This is a solid game in its niche marked of 4x games, and more specifically, 4x games with space age human colonization. With its only direct competitor being the blatant AAA cash-in Civ: Beyond Earth, it is clear that this dev does not have much to compete against.
Let's start with the bad, because everyone else starts with the good, and I'm a unique and interesting individual, as well as a special snowflake, so I go out of my way to be different in ways that try to be clever but miss the mark entirely.
-Lack of diversity and depth
This has been said since the beginning, and it still applies. Units lack variety, game mechanics are simplistic, factions are flaccid copies of their Alpha Centauri counterparts, and buildings have few functions. The game replaces real depth and variety with gimmicks like the Messari Invasion and the Nashira Eclipse (both paid-for DLC, of course), which get old and tired quickly.
There are only a few types of military unit: Infantry, Scout Vehicle, Tank, Mech, Helicopter, Boat, and Artillery. All factions have the exact same units, with the exception of the Messari, who have their own units, and the aliens, who also have their own units. Units all have a linear upgrade path of three tiers, corresponding with the three epochs of the tech tree. These units have Attack, Defense, Rank, Movement, and Health stats. These stats are boosted by a linear path of weapon and armor equipment, as well as gadgets, which are not linear and each grant unique abilities to the unit. The narrow scope and linear progression limit gameplay options and make unit customization a chore rather than the fun and interesting experience it should be. It also makes war less interesting. There is also little reason to have any meaningful combined arms force. There is no bonus or strategic incentive to have a variety of different types of units. This means, in theory, if you have an army of only scout vehicles against an army of helicopters, infantry, tanks, and artillery, you will win given you have the numbers, which is not at all realistic or interesting.
There are three kinds of combat: direct attack, artillery strike, and orbital strike. You will have no meaningful use of air force (since the only air unit in the game functions the same as the ground units), unit supply/logistics, morale, or other such thing that would add depth and realism to warfare.
There seems to be absolutely no effort on the part of the developers to add real depth to the game as they clearly favor gimmicks that sound cool and people will buy just because they sound cool.
Diplomacy is very limited in this game. It very much comes down to agreeing not to attack each other, attacking each other, and open borders. Anything else is too hard to achieve or too useless to mention. People will complain that the AI puts too much emphasis on another faction's military power, but I have no problem with this, as it adds a competitive edge to the game as well as gives it some semblance of realism (let's be honest; when you have an ideology different from everyone else's and a piss poor military, even the Gaians would want to gobble you up.) However, I do agree that it is too simplistic in this regard. You get no sense of geopolitics, where the different factions would take into account supply and demand for resources, the layout of the land, etc. What you get is a sense that you're surrounded by countries each led by a schoolyard bully, and the only way to win is by being the biggest bully in the playground.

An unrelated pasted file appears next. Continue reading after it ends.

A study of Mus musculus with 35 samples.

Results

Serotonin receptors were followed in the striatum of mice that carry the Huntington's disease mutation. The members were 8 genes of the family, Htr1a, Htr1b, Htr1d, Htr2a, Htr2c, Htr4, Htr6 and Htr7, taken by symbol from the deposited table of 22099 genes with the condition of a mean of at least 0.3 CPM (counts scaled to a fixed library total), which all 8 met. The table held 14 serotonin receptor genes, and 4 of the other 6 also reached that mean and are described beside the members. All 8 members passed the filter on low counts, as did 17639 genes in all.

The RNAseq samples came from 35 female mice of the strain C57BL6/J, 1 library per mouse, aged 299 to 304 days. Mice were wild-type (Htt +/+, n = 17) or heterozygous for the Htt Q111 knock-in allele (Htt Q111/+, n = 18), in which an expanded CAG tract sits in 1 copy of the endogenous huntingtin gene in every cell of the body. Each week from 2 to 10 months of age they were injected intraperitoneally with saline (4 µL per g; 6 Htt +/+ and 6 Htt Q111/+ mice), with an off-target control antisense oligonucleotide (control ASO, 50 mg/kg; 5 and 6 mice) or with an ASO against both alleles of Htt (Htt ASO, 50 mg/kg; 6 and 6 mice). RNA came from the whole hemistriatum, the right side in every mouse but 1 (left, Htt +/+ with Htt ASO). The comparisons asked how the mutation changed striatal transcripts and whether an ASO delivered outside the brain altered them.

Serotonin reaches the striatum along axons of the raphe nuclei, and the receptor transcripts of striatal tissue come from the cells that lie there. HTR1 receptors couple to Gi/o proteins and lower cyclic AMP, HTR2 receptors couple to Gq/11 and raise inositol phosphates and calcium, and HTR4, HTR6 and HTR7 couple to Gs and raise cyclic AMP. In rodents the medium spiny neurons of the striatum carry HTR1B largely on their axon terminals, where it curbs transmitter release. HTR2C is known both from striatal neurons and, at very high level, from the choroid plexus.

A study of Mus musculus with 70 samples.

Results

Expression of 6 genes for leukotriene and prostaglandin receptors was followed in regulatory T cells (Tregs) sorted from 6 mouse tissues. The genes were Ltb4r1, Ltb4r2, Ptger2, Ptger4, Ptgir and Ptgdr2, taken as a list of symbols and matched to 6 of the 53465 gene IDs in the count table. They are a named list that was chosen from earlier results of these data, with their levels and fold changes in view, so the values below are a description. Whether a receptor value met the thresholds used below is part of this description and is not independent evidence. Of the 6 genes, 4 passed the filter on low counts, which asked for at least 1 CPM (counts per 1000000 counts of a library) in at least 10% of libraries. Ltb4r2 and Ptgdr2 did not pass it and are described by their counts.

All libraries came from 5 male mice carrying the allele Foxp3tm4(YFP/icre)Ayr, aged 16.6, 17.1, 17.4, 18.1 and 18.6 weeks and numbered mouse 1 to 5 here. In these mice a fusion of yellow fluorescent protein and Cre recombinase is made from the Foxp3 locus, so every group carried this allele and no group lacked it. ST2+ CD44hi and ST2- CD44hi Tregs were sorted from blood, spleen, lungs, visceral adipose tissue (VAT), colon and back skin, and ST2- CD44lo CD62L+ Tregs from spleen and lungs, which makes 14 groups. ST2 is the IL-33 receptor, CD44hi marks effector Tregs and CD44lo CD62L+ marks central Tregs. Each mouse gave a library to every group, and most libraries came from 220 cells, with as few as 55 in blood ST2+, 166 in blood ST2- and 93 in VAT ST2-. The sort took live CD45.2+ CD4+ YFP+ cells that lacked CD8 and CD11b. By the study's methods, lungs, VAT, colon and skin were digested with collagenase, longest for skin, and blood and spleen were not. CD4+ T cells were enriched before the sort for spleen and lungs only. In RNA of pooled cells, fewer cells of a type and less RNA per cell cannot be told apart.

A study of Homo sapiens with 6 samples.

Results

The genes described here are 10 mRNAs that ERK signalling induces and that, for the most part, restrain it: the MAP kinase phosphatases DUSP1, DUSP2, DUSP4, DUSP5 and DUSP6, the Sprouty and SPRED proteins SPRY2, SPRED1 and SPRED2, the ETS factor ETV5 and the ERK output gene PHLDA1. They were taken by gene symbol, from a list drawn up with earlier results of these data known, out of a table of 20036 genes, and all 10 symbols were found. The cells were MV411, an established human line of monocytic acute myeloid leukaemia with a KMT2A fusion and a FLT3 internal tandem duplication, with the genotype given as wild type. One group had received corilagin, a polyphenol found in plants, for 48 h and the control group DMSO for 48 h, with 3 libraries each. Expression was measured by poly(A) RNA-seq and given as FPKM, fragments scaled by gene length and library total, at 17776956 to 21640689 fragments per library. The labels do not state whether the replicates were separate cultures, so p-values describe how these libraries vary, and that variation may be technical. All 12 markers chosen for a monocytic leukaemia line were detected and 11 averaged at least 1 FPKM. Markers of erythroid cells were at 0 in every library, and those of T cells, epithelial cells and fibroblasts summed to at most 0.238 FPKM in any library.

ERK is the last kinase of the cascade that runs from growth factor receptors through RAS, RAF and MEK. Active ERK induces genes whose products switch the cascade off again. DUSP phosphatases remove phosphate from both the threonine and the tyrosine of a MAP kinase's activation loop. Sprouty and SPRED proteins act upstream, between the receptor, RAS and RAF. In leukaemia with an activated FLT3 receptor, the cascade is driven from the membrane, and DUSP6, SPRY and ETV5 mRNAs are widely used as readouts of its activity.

-Lack of mod tools/support
The devs champoined their use of the .xml format in making the game more customizable, but anyone who has attempted to mod this game will quickly discover that there is only so much you can do with them. You can change stats, you can add new techs, and other small things. But there is no way to change the UI, there is no way to make meshes/models for new units unless you have programming knowledge and patience for navigating the xml's mess of verticy coordinates, or other actually useful things if you're serious about modding. This game is not friendly to modding to any significant extent.
-Blatant cash milking
As mentioned above, depth is replaced by gimmicks. These gimmicks come in the form of DLC that you pay for. They add nothing of substance to the game. The weak espionage system introduced in the latest expansion is also little more than a gimmick.
The game suffers from few bugs, and there is no game-breaking mechanic to make this unplayable. It's not the most fun, but it's not completely unplayable.
-Well designed atmosphere
The music, sound effects, art style, the factions, the alien life, all flow together fairly well. At first glance, it can actually be impressive. And even when that inevitable point in time comes when you get bored with it and it becomes old (because it does get old), it's at least not intolerable.
Unlike other games (*cough* Beyond Earth), this UI is informative and not invasive. Nothing is hidden from you. However, there is an issue with the game encyclopedia being limited to things that you've already discovered, which is frustrating for anyone who's done more than three playthroughs.
This game's selling point is that it's the spiritual successor to Alpha Centauri. It very much uses the reputation of Alpha Centauri as a crutch to keep it standing, rather than standing on its own merit, which is actually quite mediocre. And of course, the devs don't plan on doing anything about this. Aside from the devs' love of gimmicky DLC, they also love to handle a bunch of projects at the same time, ensuring that none of them get the TLC they need to be worth any significant amount of time or effort. After all, why stick to a game to make improvements and developments when you can crank out half-baked cool ideas and make more sales?